Avengers: Infinity War and Endgame screenwriters Christopher Markus and Stephen McFeely have come to the defense of Star-Lord (Chris Pratt), saying there's "a lot of blame to go around" for the failure to prevent Thanos (Josh Brolin) from obliterating half of all life in the universe.
"He's one of many [who screwed things up]. I don't accept that," McFeely told the Empire Film Podcast when asked if an emotional Star-Lord deserves the blame for botching the Avengers' mission to reclaim the Infinity Gauntlet from Thanos during a surprise attack on Titan.
Star-Lord is distraught upon learning Thanos murdered his girlfriend Gamora (Zoe Saldana), who was sacrificed on Vormir to unlock one of the six Infinity Stones coveted by Thanos.
The Guardians of the Galaxy leader springs into an assault on a temporarily subdued Thanos, stirring the Mad Titan awake and preventing Iron Man (Robert Downey Jr.) and Spider-Man (Tom Holland) from stealing the Gauntlet and its four stones.
"I don't think he screws [it up] — if you are standing in front of your girlfriend's father and find out that he just killed your girlfriend, you're gonna hit him in the face. I mean, there's nothing that's gonna stop you from hitting him in the face," Markus said.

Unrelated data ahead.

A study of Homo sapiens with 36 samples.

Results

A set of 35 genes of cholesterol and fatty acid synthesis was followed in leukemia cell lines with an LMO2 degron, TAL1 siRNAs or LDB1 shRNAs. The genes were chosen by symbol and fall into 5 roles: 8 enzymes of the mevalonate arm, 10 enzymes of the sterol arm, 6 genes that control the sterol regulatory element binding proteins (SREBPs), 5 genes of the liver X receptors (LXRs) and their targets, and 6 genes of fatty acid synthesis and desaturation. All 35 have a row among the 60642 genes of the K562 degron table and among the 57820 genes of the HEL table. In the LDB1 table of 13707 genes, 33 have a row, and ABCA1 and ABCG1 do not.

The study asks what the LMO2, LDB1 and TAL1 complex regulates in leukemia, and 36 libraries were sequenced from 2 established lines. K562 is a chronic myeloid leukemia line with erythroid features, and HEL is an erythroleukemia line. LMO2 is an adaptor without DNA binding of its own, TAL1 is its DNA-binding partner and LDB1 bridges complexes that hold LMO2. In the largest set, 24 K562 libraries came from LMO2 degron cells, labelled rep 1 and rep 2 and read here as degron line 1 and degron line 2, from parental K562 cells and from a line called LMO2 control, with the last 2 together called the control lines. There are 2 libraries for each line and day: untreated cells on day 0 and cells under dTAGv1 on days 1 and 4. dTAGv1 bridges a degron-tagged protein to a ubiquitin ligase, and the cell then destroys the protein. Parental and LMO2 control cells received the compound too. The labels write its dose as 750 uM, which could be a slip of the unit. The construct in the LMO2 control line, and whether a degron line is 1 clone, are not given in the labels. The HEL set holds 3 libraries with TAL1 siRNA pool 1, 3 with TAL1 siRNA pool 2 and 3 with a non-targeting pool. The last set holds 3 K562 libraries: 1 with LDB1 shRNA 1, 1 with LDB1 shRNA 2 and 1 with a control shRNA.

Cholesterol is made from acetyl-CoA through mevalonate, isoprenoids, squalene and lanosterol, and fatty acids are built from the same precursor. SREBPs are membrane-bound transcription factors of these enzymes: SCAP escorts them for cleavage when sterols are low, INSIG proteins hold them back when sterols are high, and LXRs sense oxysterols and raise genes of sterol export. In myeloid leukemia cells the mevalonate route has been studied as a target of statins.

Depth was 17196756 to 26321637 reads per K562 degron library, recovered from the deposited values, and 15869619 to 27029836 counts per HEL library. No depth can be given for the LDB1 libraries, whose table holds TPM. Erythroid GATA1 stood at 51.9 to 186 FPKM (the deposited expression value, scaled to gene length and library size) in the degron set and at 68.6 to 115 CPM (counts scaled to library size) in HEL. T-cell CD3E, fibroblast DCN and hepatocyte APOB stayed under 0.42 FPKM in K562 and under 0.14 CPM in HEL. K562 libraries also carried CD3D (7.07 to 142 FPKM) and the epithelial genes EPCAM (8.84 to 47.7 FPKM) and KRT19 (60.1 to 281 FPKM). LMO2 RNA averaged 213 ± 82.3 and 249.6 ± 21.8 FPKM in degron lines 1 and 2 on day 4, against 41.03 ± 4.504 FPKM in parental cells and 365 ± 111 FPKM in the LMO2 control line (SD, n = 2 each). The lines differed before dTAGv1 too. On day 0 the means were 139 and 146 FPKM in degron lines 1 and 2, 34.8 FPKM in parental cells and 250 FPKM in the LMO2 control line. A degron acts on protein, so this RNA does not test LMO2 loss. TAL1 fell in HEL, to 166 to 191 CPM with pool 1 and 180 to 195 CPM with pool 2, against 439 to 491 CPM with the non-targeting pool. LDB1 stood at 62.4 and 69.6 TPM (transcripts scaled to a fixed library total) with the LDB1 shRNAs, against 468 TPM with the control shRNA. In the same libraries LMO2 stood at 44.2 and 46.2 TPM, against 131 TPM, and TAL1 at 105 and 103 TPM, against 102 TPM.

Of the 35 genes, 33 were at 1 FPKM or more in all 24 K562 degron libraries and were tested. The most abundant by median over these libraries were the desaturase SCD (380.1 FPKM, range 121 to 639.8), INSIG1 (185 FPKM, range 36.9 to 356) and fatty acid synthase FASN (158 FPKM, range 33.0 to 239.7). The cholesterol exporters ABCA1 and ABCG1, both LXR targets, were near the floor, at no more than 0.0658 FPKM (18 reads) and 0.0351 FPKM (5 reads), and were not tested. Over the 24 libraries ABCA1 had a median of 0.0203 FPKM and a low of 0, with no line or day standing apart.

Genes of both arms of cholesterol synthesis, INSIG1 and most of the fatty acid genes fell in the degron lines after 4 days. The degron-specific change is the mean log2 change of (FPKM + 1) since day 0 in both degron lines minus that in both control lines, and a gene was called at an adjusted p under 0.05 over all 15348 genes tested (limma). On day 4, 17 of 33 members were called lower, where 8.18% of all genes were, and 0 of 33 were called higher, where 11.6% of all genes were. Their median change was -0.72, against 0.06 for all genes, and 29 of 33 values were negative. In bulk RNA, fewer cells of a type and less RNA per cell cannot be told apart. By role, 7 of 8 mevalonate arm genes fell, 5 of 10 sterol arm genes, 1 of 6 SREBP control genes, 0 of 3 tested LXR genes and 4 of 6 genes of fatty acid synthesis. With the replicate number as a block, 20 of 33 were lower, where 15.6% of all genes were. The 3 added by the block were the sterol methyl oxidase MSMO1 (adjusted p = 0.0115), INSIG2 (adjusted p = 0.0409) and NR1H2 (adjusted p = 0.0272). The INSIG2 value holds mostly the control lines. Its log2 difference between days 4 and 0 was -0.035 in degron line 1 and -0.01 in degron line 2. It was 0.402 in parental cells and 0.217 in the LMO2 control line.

"I just think it's totally emotionally understandable, particularly when you add in the scene where he was supposed to kill her. I mean, it's a pretty big mindf—k to be in a situation where you failed — where your failure was failing to kill your girlfriend — which then made it possible for her father to kill her. And to succeed the right thing you should have done as a good person was to murder your girlfriend. He's under a lot of stress at the moment."
Star-Lord's outburst is just "one of the many reasons why they don't win," McFeely said, pointing to Thor's (Chris Hemsworth) arrogant failure to "go for the head" during an attack on Thanos in Wakanda, and naming the strife between Iron Man and Captain America (Chris Evans) as another major reason for the heroes' loss.
"There's a lot of blame to go around," McFeely said.
Directors Anthony and Joe Russo similarly defended Star-Lord after Pratt received backlash on social media over Thanos' victory, in which trillions of lives — including many of Earth's mightiest heroes — were erased from existence.
"There's lots of choices that characters have made throughout the movie that sort of led them to lose. It wasn't simply that moment. If you go back to the end of Civil War, the entire rift between Cap and Tony is sort of a basis for why they lose in this film," Anthony Russo told ET.
"Thor gets the jump on Thanos at the end of [Infinity War], but instead of sort of killing him quickly, he sort of does it in a way where he can draw out his revenge and engage with Thanos in a way that arguably gives him a window to get away. That's what we love about these characters — they're superheroes, they have amazing powers, but what makes them vulnerable is their emotional life and their emotional needs, and that's where things get complicated and that's where the story gets really rich."